Anderson v. Philadelphia Warehouse Company
In Anderson v. Philadelphia Warehouse Co., 111 U.S. 479 (1884), the law as laid down in the prior case was somewhat relaxed, and a tendency manifested to look more closely at the equities.
In that case Blumer & Co. borrowed a sum of money from the defendant, and as security for the loan transferred 450 shares of stock of the First National Bank of Allentown standing in the name of one Kern, a partner in the firm of Blumer & Co., on the books of the bank, and had a new certificate issued in the name of one Henry, president of the defendant warehouse company.
The fact of the transfer of this stock to its president was brought to the attention of the directors of the warehouse company, who deemed it inadvisable to have the stock stand in the name of the president, and it was therefore transferred to one McCloskey, a porter in the employ of the company, and irresponsible.
McCloskey never had possession of the certificate, and at the request of the warehouse company, gave a power of attorney for the sale and transfer of the stock, and shortly thereafter died. The stock was subsequently transferred to one Ferris, another employe, also irresponsible. Dividends were regularly paid on this stock to Kern, and the warehouse company never acted as a shareholder.
It was held that, as there was no evidence of fraud or bad faith; as the warehouse company was never the owner of the stock, and never held itself out as such; never consented to a transfer of stock on the books; never claimed dividends, or acted as a shareholder, or ever pretended to be anything but a mere pledgee, it was not liable. Said the court:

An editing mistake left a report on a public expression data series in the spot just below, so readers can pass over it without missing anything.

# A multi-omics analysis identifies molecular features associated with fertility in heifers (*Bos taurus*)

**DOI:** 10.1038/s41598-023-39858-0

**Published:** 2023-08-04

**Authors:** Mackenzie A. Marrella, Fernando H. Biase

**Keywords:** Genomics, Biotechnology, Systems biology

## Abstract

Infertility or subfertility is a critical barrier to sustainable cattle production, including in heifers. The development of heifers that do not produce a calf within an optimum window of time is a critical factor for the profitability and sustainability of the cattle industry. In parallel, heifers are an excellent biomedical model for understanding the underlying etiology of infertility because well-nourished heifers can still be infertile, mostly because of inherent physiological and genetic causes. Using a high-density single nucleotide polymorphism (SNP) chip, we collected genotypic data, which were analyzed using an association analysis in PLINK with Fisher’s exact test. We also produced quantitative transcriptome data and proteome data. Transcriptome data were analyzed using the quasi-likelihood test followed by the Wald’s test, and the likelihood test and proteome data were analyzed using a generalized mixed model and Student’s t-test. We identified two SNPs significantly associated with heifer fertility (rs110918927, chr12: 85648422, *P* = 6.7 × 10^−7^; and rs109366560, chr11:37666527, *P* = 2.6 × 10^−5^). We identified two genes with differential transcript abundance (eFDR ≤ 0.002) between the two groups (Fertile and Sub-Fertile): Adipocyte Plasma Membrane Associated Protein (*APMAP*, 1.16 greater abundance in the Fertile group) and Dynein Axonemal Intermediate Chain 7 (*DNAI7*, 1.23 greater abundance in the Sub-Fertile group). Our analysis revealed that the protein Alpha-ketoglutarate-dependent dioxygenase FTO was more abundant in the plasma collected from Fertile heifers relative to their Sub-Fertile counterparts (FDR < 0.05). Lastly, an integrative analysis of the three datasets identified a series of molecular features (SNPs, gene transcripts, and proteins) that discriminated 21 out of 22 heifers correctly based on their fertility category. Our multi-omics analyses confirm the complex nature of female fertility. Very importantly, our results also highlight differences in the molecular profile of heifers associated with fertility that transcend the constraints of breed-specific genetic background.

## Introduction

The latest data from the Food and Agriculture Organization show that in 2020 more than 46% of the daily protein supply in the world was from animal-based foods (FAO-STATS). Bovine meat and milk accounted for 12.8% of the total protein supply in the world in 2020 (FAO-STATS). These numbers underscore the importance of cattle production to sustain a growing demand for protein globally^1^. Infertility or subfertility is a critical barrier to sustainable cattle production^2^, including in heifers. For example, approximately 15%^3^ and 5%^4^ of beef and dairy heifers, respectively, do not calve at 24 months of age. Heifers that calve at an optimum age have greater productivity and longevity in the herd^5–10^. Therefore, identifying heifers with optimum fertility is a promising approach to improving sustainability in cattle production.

"The creditors were put in no worse position by the transfers that were made than they would have been if the stock had remained in the name of Kern or Blumer & Co. who were always the real owners."
It was held that, as the defendant promptly declined to allow itself to stand as a registered shareholder, because it was unwilling to incur the liability such a registry would impose, and asked that the transfer be made to McCloskey, from that time the case stood precisely as it would, if the transfer had been originally made to him instead of to Henry, the president of the company. "All this was done in good faith, when the bank was in good credit and paying large dividends, and years before its failure or even its embarrassment."
In Anderson v. Philadelphia Warehouse Company, 111 U.S. 479 (1884), it was held that the mere pledgee who had never acted as a shareholder would not be liable as such, notwithstanding the stock was transferred on the books of the bank and the certificate issued to an irresponsible person, in that instance a porter in the employment of the company, and this although the transfer had been thus made for the purpose of avoiding liability which might be incurred by the shareholders of the bank, in case of insolvency.
In the course of the opinion, Mr. Chief Justice Waite, speaking for the court, recognized that the real owner might be held liable as a shareholder, but in that case the facts showed the warehouse company, sought to be held as a shareholder, was never other than a pledgee, and that notwithstanding the transfer to the irresponsible person, the real ownership of the stock remained in the original holder.